At the height of the private equity fundraising boom, private equity GPs were never in a stronger position to negotiate hard on fee and carry terms. With some fund managers seeking to test whether the old 2&20 formula was set in stone or whether something even more favourable might pass muster, it was clear that private equity fund management was a lucrative game to be playing.
In retrospect it may seem surprising that anyone was brave enough to make this claim given the fairly obvious point that private equity and infrastructure have intrinsically different risk/return profiles. This was, however, the era of cheap debt – a point not lost on Mike Powell, head of alternatives at UK pension USS. He says: “Too much leverage was used to try and get the return up to a level where the incentives were justified – and it didn’t work.”
Far from all infrastructure funds deserve to be tarred with the same brush. In the same way that only a handful of private equity funds have dared to push beyond 2&20, only a handful of infrastructure fund managers dared get that high. Management fees for infrastructure funds are typically 1.5 percent and this, according to an LP survey conducted by InfrastructureInvestor last year, is very much in accordance with what investors find acceptable.
There has also been some discussion about whether the long-term nature of infrastructure projects brings into question the suitability of 10- or 12-year time horizons for funds. At a recent media breakfast, Antin Infrastructure Partners’ chief executive Alain Rauscher insisted: “Ten years from now, we [the managers] have a good idea where we’ll be. We have no idea about 20 or 25 years’ time. There’s an issue of accountability.”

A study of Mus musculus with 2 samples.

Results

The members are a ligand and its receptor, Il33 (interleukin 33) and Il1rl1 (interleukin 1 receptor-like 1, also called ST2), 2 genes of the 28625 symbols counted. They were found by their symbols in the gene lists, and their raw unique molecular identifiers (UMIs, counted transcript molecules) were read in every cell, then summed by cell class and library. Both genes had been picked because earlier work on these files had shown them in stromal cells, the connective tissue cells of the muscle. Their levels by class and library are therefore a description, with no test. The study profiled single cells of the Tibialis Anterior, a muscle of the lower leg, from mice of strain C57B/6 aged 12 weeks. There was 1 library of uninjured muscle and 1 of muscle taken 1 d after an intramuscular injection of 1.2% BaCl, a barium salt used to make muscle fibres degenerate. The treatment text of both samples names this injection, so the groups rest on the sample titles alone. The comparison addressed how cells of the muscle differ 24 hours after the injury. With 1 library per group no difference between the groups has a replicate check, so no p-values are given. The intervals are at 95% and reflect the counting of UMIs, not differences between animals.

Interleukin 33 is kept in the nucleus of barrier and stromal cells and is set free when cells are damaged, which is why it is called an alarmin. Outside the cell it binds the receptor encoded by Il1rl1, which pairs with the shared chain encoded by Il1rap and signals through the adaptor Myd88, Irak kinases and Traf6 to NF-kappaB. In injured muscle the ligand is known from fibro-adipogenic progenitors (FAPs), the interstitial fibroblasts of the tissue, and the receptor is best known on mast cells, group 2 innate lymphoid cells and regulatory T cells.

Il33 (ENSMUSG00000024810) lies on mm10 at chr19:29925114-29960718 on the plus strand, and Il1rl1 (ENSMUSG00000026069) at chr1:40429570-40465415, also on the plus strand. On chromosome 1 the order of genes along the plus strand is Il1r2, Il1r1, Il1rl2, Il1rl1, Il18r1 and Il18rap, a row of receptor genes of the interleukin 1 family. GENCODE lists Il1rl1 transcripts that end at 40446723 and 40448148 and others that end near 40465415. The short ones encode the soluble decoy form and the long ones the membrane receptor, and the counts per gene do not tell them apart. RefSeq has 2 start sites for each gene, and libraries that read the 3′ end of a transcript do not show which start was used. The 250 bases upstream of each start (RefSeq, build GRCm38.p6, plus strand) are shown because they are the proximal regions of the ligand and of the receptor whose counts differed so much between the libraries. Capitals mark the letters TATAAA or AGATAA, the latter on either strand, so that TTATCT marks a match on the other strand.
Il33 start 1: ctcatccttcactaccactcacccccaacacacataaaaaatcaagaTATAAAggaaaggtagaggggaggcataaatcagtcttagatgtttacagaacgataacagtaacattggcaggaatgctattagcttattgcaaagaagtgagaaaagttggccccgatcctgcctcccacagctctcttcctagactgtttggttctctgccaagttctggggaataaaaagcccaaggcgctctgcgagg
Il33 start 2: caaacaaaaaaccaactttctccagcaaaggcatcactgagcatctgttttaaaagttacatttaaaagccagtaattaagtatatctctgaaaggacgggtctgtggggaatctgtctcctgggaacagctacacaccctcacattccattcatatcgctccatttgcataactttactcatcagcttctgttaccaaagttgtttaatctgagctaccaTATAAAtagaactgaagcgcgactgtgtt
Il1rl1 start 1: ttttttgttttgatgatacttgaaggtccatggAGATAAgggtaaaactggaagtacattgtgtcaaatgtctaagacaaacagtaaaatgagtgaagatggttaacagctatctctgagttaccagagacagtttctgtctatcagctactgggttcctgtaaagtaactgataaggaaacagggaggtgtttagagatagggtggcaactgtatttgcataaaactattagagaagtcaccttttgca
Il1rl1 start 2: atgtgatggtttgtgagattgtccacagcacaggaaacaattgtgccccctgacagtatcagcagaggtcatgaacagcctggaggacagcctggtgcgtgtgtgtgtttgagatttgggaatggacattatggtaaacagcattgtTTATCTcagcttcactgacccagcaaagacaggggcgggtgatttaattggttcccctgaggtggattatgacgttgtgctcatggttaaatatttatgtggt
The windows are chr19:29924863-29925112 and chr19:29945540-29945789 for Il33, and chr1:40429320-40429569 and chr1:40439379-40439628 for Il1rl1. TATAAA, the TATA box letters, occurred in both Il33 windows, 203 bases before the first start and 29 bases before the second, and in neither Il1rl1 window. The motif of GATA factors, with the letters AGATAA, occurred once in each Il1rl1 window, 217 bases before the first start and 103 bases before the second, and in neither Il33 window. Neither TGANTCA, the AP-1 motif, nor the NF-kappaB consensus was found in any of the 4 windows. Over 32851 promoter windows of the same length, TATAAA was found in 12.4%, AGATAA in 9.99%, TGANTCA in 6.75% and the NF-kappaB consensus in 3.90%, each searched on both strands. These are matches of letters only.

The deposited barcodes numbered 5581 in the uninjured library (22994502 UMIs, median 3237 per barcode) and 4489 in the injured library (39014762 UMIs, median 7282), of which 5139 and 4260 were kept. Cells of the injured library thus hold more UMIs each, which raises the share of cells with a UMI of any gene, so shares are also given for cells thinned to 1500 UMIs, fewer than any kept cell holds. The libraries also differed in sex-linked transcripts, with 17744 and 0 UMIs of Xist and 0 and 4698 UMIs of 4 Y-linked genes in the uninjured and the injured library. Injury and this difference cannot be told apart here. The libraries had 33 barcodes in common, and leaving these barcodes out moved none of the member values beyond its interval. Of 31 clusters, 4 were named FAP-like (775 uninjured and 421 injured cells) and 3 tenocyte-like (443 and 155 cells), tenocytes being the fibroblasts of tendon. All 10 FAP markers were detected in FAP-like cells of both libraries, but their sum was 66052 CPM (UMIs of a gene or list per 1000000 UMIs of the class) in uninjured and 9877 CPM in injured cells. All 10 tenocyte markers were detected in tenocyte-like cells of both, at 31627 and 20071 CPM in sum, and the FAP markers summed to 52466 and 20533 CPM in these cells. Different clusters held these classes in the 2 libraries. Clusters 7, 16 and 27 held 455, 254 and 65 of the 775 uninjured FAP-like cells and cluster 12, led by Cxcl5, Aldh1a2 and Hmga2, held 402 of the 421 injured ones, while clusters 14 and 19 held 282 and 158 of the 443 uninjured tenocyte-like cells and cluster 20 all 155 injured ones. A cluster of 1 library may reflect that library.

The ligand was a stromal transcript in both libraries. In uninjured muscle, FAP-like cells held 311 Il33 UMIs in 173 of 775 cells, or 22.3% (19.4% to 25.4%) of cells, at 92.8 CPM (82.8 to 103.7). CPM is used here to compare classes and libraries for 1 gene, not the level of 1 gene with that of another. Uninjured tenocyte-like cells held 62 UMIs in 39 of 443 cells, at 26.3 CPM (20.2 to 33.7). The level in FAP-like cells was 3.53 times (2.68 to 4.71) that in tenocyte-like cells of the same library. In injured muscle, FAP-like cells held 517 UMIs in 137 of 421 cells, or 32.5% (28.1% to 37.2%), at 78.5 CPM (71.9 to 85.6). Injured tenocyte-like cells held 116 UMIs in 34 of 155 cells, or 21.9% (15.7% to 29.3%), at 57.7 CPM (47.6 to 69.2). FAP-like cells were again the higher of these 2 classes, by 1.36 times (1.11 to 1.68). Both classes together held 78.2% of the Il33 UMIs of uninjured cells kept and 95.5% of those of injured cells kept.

Maybe so, but the debate will continue until both LPs and GPs can be absolutely sure that they have alighted on the right model for both parties. Whatever it is, it won’t be exactly the same as the private equity one.
Case study: Kohlberg Kravis Roberts – think of 2&20 and halve it
Legendary New York investment firm Kohlberg Kravis Roberts (KKR) generated plenty of coverage when it announced it was launching a $4 billion-target debut infrastructure fund (it is understood the target has since been revised to $2.5 billion). It was then the focus of further attention when it revealed in February last year that the fund would charge investors a modest 1 percent management fee and 10 percent carried interest.
The move came as the 2&20 fee structure typically charged by private equity firms was coming under greater scrutiny – and also as questions were raised over whether infrastructure funds were justified in aspiring to the same fee-charging model.
KKR’s decision was groundbreaking, but also pragmatic in light of a tough post-crisis fundraising market. At the time, many LPs were expressing growing frustration at the pricing mechanisms being proposed to them by GPs and warned that, in the current market, they have more leverage in fee negotiations.
The KKR revelation followed an announcement by fellow investment giant TPG that it would allow LPs to reduce commitments by as much as ten percent and cut its management fees by one-tenth regardless of whether LPs cut commitments.